Promises of a better life for all, the return of land and a bright, beautiful ‘socialist future’ were some of the key messages from political parties contesting the 2019 general elections.
If anything, the signing of the Electoral Code of Conduct Pledge on Wednesday showed that the 2019 general elections will be the largest democratic exercise ever in South Africa – a record 48 political parties are registered with the Independent Electoral Commission to contest the general elections on 8 May.
Once thought to be a cakewalk for the ANC, the 2019 elections are turning into a major contest with new political parties such as the African Transformation Movement, the Black First Land First (BLF) and the Socialist Revolutionary Workers Party (SRWP) pulling no punches to mobilize voters with their agitational brand of politics.
While the latest surveys show that the ANC will perform badly at the polls, party strategists believe that the party’s performance in the 2019 election will hinge largely on its ability to address challenges such as the slumping economic growth, stalled investments, an endless parade of scandals and the mismanagement of bread-and-butter issues.
The signing ceremony in Midrand was attended by President Cyril Ramaphosa, Home Affairs minister Siyabonga Cwele and several IEC commissioners, including the IEC chairperson Glenn Mashinini.
The Code holds contesting parties and candidates to a code of behaviour intended to promote conditions that are conducive to free and fair elections. It also intends to create a climate of tolerance, free political campaigning and open public debate.
It is in effect from the day of proclamation of an election until the announcement of results, according to the IEC’s chief electoral officer Sy Mamabolo.
“The Electoral Commission is on track and will deliver elections on the 8th of May. Now it is over to the political parties and candidates contesting these elections to take the baton and play their important part in encouraging participation by voters and ensuring we have successful, peaceful, tolerant, free, fair and credible elections,” said Mamabolo.
“In fact, it is paramount that our political leaders have a deep realization that the Electoral Code of Conduct is not a panacea to the creation of a climate conducive to free and fair election. Indeed, the Code of Conduct as a legal instrument has its place within a confluence of factors yet the code of conduct must be complimented with political rhetoric that fosters cross sectional behavior consistent with the values that underpin our constitution.”
Party leaders promised to abide by the Code and assured everyone that they will jettison their angry, inflammatory speeches during their election campaigns.
Ramaphosa said his party’s signature on the electoral code of conduct affirmed what the party wrote in the Freedom Charter.
“By appending our signature to this Electoral Code of Conduct, we are affirming the commitment that we made in Kliptown in 1955, and signalling our resolve to work with all parties and all South Africans to build a strong, dynamic and durable democracy,” said Ramaphosa.
“We have a responsibility to give effect to the words of the Freedom Charter that: “No government can justly claim authority unless it is based on the will of all the people.”
BLF president Andile Mngxitama said his party will uphold the electoral code of conduct and subject itself to the democratic processes during the election campaign despite attempts by some like the FF Plus to have his party deregistered from contesting the 2019 elections.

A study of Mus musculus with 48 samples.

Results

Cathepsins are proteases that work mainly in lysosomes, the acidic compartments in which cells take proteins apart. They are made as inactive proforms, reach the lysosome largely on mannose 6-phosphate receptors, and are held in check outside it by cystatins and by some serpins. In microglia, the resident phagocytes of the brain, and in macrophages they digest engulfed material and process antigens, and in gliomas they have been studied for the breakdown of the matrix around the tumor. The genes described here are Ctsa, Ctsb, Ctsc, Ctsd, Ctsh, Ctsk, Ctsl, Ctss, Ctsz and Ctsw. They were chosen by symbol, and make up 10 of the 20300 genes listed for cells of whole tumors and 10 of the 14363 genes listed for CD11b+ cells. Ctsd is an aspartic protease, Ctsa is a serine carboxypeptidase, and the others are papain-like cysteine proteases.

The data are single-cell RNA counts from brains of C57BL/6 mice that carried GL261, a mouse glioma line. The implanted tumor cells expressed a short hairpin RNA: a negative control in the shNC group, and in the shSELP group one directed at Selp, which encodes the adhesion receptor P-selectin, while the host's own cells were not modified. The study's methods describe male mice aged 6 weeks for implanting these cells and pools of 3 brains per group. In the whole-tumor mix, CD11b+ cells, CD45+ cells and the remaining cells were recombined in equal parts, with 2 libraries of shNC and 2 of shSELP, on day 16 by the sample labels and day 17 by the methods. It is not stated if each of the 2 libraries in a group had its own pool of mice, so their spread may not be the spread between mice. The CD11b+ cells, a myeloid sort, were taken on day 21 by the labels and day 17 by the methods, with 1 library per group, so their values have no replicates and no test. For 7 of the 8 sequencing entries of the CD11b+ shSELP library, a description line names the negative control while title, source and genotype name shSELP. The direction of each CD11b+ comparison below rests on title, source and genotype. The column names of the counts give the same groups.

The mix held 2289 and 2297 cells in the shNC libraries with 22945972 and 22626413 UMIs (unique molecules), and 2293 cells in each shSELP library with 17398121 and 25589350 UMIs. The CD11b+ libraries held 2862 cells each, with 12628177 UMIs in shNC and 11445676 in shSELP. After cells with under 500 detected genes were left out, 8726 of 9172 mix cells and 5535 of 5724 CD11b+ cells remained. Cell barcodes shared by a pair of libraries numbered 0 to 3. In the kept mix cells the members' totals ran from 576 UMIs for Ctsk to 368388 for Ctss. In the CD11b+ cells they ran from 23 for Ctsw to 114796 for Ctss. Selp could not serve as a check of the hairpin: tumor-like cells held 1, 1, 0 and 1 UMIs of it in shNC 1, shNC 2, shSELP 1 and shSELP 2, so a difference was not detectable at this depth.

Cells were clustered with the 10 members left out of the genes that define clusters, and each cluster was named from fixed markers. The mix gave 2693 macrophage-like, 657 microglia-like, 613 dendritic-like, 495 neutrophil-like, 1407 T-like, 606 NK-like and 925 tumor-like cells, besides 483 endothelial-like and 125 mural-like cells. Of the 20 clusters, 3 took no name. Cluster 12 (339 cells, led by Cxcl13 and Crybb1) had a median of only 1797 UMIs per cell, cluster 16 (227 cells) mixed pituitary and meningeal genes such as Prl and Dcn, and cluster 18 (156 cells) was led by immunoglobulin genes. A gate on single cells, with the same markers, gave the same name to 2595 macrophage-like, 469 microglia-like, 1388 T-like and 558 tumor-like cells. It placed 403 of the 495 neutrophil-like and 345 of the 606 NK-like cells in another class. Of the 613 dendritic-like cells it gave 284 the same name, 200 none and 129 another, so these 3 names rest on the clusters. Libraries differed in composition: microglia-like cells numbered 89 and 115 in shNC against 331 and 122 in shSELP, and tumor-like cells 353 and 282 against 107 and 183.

“We have chosen to subject ourselves to the democratic process but we also want to be treated with fairness,” said Mngxitama.
He said land thieves – a reference to the FF Plus – must stop preventing BLF from going to Parliament, where the party aims to agitate for the return of land to its original owners.
The African Content Movement president Hlaudi Motsoeneng said his party will also abide by the Electoral Code of Conduct during the upcoming national elections.
Motsoeneng said voters will overwhelmingly vote for the ACM during the polls.
“There is no new dawn. The ACM is the new dawn,” a jocular Motsoeneng said before signing the pledge.
Freedom Front Plus leader Pieter Groenewald said political parties and their candidates must act responsibly during the elections.
“What we need in South Africa is respect. Our conduct must set an example for all South Africans,” said Groenewald.
Irvin Jim of the Socialist Workers Revolutionary Party promised voters a socialist South Africa led by the working class.
“The working class finally have a political party. After 25 years of misery, poverty and unemployment, we will create a socialist South Africa where the working class will lead because capitalism has failed and has no solutions to the problems facing South Africa,” said Jim.
The Economic Freedom Fighters’ deputy secretary-general Hlengiwe Mkhaliphi appealed for political tolerance during the election period and called for those taking down EFF posters in the townships to stop.
“Stop taking down our posters,” said Mkhaliphi.
Inkatha Freedom Party’s president Mangosuthu Buthelezi appealed for calm and peace during the elections.
“Our votes are not sale. The IFP will honour this pledge,” said Buthelezi.
Women Forward’s representative said the party will “take the bull by the horns” and eradicate gender-based violence in South Africa.
Free Democrats said if they won the elections they will privatize the country, offer medical aid to all and close down public hospitals.
Agang SA’s president Andries Tlouamma said his party will not be arrogant after winning the elections on 8 May.